The Pain of Getting to Know You
Who else finds those “getting to know you” sessions awkward and painful? Maybe it’s just me but whether it be for study, work, or just about anything else this part of the orientation has me looking for emergency escape routes. In short, it has the exact opposite of its intended effect.
HR goon/tutor/etc: “Stand up and tell us about yourself. Don’t be shy. No one’s going to judge you.”
Me: Umm, no thanks.
HR goon/tutor/etc: “Ok, fantastic! Let’s all break up into groups by favourite colour and penis size for awkward bonding activities which are designed to be stupid and disarming.”
Me: Fuck my life.
This time around there was none of that awful anxiety. Maybe I’m just chilling the fuck out in my old age, or maybe being in a room with other awkward geeks and creative types blunted the harsh edge of “getting to know you” politics. Sure, the group wasn’t uniformly anxious and dysfunctional, but these are my people… more-or-less. It also helped a lot that the first round of introductions was simply, “name, and last video game you played”. Our disarming group activity was building structures with marshmallows and spaghetti. How can you go wrong?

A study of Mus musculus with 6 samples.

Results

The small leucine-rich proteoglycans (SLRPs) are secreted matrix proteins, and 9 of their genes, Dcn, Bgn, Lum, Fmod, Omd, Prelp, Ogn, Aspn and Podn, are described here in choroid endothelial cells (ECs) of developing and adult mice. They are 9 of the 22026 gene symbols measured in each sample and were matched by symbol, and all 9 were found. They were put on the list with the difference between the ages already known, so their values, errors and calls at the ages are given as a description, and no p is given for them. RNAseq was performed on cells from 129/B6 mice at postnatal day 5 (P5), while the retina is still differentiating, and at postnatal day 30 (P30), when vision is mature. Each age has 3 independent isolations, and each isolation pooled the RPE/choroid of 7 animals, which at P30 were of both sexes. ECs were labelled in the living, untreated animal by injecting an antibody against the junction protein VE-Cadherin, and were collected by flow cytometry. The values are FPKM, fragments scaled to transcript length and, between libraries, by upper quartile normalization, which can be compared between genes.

The fun rolled on with party games on a huge projection screen in the foyer. Strangers facing off in Joust and the innuendo laden Pole Riders resulted in much laughter and applause.
Down to Business, Maya Style
After a barbecue lunch (which I ditched in favour of a much-needed coffee) it was down to business with the first introductory classes. It was slightly amusing but more painful listening to the tutors struggling to explain fundamental principles such as UV mapping and rigging. Some of the explanations were a feat of linguistic contortion, and likely left those new to the concepts supremely confused. To be fair, these can be hard to explain off the top of your head.
As I suspected, Maya is the 3D software we use in class. My first impressions of Maya: what the fucking fuck? Coming to Maya as a LightWave user made for a distressing first encounter. Without knowledge of why Maya is laid out the way it is and why it functions the way it does, the program appears to be an unforgiving hodge-podge of idiosyncrasies. After a few hours of being completely lost and confused the logic started to appear and an incredibly powerful program was unfolding. Unless I end up landing a job with a big studio I don’t see myself working with it much in the future, but that is more due to the price of an Australian commercial license than the software itself.
All-in-all the first week at AIE was positive and I am optimistic about the opportunities the course and institution have to offer.